08/12/2013, 00.00

Egyptian security forces have not yet moved to clear sit-in protests organised the Muslim Brotherhood. Everyone is waiting for the developments of the coming hours. Egyptian Foreign Minister calls on the international community to trust the new government's ability in "restoring order and re-launching the economy".

Cairo (AsiaNews/Agencies) - Egyptian security forces have not yet moved to disperse supporters of ousted President Mohamed Morsi from their camps in the capital.

Security sources and a government official had said that police would take initial action against Muslim Brotherhood sit-ins in two areas of Cairo early on Monday. However, Egyptian security forces held off from launching operations to disperse Islamist supporters.

The city is left in an apparent calm, but things could quickly change as Morsi supporters bring reinforcements to their camps in response to the Muslim Brotherhood' call.

Meanwhile, the Egyptian Minister of Foreign Affairs Nabil Fahmi appealed to the international community to have faith in the new government's ability in "restoring order and re-launching the economy".

Since the overthrow of Mohammed Morsi, the first democratically elected president on 3 July, Egypt has been in turmoil. At least 300 people have been killed in street violence so far, including dozens of supporters of the former president killed by police forces in two separate incidents.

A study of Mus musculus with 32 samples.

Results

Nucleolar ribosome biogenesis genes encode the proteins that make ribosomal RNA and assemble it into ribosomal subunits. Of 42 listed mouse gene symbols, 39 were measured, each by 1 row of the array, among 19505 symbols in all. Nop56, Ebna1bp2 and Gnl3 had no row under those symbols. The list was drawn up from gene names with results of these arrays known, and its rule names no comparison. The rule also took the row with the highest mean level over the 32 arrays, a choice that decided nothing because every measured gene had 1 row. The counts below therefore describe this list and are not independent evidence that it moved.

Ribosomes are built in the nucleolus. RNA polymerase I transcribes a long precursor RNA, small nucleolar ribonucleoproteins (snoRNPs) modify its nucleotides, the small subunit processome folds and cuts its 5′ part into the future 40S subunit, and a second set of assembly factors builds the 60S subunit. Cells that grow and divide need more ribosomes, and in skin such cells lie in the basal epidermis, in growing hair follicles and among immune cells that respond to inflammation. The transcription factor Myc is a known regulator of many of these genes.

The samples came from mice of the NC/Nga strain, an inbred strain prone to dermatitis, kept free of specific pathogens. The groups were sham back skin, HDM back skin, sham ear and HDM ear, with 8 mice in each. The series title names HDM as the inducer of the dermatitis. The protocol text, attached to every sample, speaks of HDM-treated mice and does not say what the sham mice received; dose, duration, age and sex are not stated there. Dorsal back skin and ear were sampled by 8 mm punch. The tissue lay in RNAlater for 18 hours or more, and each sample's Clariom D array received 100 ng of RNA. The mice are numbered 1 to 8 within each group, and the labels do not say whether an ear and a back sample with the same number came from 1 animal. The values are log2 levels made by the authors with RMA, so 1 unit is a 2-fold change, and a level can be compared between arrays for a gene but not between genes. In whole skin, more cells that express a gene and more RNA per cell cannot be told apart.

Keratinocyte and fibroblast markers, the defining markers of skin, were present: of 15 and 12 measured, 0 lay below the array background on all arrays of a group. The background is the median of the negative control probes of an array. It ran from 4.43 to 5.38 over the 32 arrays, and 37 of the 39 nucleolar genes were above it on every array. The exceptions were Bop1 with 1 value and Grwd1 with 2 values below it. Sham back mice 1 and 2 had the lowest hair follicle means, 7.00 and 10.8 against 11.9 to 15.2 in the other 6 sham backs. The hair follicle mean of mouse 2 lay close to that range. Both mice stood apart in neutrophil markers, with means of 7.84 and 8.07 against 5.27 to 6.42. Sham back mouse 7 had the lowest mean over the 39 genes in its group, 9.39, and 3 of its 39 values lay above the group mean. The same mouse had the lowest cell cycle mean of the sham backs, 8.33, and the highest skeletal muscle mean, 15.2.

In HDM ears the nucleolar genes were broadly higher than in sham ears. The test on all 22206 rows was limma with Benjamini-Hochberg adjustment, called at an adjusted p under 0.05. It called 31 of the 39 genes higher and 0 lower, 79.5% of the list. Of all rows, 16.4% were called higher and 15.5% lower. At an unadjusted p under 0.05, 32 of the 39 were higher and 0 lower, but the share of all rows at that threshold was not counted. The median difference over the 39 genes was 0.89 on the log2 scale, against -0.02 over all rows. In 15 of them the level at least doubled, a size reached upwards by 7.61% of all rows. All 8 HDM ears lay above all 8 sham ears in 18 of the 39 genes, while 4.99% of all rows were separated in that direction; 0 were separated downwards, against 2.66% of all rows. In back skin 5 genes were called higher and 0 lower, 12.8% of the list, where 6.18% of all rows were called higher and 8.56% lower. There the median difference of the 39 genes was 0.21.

The country has been in a serious economic and political crisis since riots in 2011 toppled the 30-year, US-backed authoritarian rule of President Hosni Mubarak.

For the past two years, the 84-million strong Arab nation has been split between Islamists and non-Islamists, a division that has polarised the country's social and political life.

The West has looked at events in Egypt with extreme concern. The country, which controls the Suez Canal, receives US$ 1.5 billion in aid, mostly military, from the United States.

American, European and Arab diplomats as well as Egyptian officials have tried to restrain the military from using force, fearful that bloodshed could trigger a bloody civil war.

On 7 August, caretaker Prime Minister Beblawi said that diplomatic negotiations promoted by the West had failed. He also appealed to the Muslim Brotherhood to leave the streets and go home.